Patches for Nautilus “move to trash” bug

Warning, this post contains a geek rant.

If you use the nautilus or nautilus-elementary filemanager (the default file manager in any gnome-based linux distro, including Ubuntu), you are probably aware of the annoying bug with file deletion.

Like any other file manager, nautilus allows you to delete your files using keyboard shortcuts: permanently (hit <Shift-Delete>) or temporarily by moving them to the trashbin (hit <Delete> on your keyboard). Removing files is always a critical action so any other file manager will make sure that you don’t do it accidentally: the file manager in MacOS, finder, will require you to hit the key combination <AppleKey+Delete>, difficult to perform by mistake. Microsoft Explorer, Konqueror, Thunar and many others will ask you to confirm that you really want to trash files with a dialog box.

Unfortunately nautilus lacks this ability: if you, your toddler or your cat accidentally hit the Delete key on the keyboard while a file or folder is selected, they go into the trashbin without warning. If you are not looking at the screen while this happens, the item is well gone. Obviously, this flaw was pointed out already long time ago. Users started asking for a fix already in 2004 (that is seven years ago!) and lots of people wanted to get that fixed: see for instance here, here, here, here, here, here

Surprisingly, reactions of the gnome developers to this problem were of two kinds: “I don’t think this is a real problem”[¹] or “I don’t think you are proposing the perfect solution”[²].  Back in 2009, I accidentaly lost some file and wrote a patch to fix this bug. The patch simply gave the user the option to activate a warning dialog if they wanted to. I figured “people who want the dialog will enable it and be happy, people who don’t will leave it alone and keep discussing about what is really truly the best solution for the next 7 years“. Believe it or not, the problem still exists,  so I thought of raising the issue once again (this time, I also proposed a patch to change Delete in Control-Delete).

Guess what: even after 7 years and hundred of people begging for a fix, we are sitting on the same attitude:

This is a real problem, but I don’t think the solution is a windows-like alert dialog. […] An animation with the file becoming red and/or flying to the trash would be a nice addition.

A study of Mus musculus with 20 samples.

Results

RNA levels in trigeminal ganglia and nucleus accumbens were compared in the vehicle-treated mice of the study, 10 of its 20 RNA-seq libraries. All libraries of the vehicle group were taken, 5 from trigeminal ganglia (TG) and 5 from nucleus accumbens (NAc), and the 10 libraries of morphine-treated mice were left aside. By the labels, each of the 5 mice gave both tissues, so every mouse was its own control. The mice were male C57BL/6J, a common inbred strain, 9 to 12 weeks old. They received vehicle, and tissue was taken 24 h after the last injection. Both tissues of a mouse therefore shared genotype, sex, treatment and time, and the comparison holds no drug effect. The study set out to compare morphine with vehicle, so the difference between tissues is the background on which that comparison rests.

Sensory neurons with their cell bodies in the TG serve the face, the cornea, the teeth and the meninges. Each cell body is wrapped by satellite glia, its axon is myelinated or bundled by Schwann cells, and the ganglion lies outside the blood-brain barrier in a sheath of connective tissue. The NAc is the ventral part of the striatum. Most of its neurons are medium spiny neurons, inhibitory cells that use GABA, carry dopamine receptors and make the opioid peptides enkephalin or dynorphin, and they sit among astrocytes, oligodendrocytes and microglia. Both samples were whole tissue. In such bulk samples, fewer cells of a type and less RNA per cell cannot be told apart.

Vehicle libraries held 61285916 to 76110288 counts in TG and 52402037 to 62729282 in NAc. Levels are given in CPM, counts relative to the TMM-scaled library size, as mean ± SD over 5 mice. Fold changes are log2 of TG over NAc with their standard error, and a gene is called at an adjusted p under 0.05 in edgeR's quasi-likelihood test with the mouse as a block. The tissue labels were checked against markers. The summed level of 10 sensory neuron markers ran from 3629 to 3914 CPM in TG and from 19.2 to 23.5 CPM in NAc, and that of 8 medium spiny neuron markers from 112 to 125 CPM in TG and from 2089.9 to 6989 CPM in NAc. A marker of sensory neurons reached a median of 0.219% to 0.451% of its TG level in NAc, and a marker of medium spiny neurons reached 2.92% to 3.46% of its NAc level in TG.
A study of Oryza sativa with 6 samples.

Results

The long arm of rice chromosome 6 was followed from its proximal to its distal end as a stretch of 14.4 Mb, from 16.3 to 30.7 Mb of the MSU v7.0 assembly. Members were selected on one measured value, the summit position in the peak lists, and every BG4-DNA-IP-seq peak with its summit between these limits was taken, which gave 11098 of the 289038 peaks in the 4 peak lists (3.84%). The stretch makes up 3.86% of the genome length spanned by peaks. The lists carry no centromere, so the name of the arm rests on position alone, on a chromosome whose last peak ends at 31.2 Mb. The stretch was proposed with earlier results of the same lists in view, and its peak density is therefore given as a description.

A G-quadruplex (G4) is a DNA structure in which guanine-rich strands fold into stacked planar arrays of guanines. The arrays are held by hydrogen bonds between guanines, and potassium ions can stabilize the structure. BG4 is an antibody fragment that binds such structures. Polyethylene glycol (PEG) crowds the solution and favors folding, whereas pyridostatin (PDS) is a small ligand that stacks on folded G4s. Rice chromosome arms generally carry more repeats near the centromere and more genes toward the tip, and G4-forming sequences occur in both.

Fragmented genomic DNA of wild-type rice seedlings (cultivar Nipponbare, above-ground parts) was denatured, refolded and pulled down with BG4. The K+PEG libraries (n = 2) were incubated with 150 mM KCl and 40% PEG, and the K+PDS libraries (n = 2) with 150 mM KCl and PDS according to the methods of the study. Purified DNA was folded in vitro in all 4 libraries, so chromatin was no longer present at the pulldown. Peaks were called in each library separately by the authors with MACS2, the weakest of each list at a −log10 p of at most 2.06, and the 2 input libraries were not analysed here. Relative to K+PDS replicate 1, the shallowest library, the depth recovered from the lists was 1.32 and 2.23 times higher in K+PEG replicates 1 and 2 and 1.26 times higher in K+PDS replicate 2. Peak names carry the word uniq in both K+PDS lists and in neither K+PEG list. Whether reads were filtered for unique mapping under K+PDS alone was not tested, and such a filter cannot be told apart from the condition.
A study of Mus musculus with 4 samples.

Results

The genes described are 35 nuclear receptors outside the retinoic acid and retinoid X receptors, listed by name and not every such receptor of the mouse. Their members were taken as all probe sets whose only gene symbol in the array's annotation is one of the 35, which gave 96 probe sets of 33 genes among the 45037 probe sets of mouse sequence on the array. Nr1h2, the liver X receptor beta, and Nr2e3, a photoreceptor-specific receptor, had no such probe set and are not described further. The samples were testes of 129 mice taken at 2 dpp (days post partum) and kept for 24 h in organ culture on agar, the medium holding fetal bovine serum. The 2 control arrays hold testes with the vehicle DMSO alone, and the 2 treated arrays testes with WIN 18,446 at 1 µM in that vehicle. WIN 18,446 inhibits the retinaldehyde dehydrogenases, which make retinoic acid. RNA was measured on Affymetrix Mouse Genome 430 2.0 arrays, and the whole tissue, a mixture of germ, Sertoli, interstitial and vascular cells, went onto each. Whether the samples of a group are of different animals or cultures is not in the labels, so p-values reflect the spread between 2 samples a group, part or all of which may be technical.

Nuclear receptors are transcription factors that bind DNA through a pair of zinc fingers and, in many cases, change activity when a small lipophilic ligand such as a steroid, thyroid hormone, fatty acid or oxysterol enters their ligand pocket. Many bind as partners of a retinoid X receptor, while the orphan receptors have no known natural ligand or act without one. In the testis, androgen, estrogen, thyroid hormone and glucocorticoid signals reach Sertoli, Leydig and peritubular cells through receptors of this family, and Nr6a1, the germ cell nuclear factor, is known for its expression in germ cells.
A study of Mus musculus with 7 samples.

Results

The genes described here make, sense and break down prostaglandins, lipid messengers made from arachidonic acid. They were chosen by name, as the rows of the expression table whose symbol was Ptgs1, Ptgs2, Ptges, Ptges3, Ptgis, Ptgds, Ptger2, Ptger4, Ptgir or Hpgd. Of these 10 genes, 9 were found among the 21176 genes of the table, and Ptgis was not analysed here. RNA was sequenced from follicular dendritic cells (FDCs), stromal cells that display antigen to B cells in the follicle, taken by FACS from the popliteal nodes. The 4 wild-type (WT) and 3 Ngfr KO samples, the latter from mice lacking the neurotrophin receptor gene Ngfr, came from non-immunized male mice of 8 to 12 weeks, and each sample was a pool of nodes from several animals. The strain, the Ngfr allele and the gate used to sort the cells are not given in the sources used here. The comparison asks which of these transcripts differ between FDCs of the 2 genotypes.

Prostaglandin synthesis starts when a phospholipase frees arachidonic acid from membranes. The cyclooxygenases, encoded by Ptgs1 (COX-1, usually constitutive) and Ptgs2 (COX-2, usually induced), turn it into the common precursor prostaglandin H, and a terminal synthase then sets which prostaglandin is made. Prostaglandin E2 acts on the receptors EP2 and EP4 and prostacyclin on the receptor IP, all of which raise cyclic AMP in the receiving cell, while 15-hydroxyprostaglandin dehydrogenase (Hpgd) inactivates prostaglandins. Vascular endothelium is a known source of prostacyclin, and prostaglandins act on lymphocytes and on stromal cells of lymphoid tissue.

Or maybe a small cluebar with an embedded undo button would already be enough. I like how Google does it in its webapps.

What if deleted files were visible as some ghost-like-icon in the directory they used to be? And it could be possible to turn on/off the visibility of deleted files? And you can have your animation then as well; of an icon that dies.

I think your use case is a real concern, and something we should fix indeed, but as others said in this thread, I don’t think a confirmation dialog is how we want this to be implemented, especially when it carries a new preference with it.

Personality i like my delete and it would felt awkward if the delete didn’t delete anything.

We will rather keep the hole than having a solution we don’t like. Little does it matter if any other browser is actually using that solution or if lots of people want to see the thing fixed.

This attitude is amazingly complicated to understand for my simple brain. For me, getting things done means finding the meeting point between the optimal solution and the best outcome. If my car gets a flat tire on the way, I will accept any new tire a rescuer would give me and I won’t be sitting 7 years waiting for one that really matches the other three. And I like to think this is not Linux true philosophy either.

Anyway, here you can download the patches to fix this issue.

I am using the second one on nautilus-elementary (which also sports a very convenient Undo feature).

Edit 1 April 2011. To much of my pleasure, the patch has now been accepted and from next version on, Control<Delete> will be the shortcut to send stuff to trash. No more accidental  deletions! Open Source wins again.

Edit June 2011. If you arrive to this page because you freaked out finding the new nautilus behaviour, this is how to get back to the old key combo

Notes:

1. You are all familiar with the “how many people it takes to change a light-bulb?” jokes.
The one about software developers goes like this:

Q: How many developers does it take to change a lightbulb?
A: The lightbulb works fine on the system in my office. NOT REPRO.

2. The one about C++ programmers goes like this:

Q: How many C++ programmers does it take to change a lightbulb?

A: You’re still thinking procedurally. A properly-designed lightbulb object would inherit a change method from a generic lightbulb class, so all you’d have to do is send it a bulb.change message.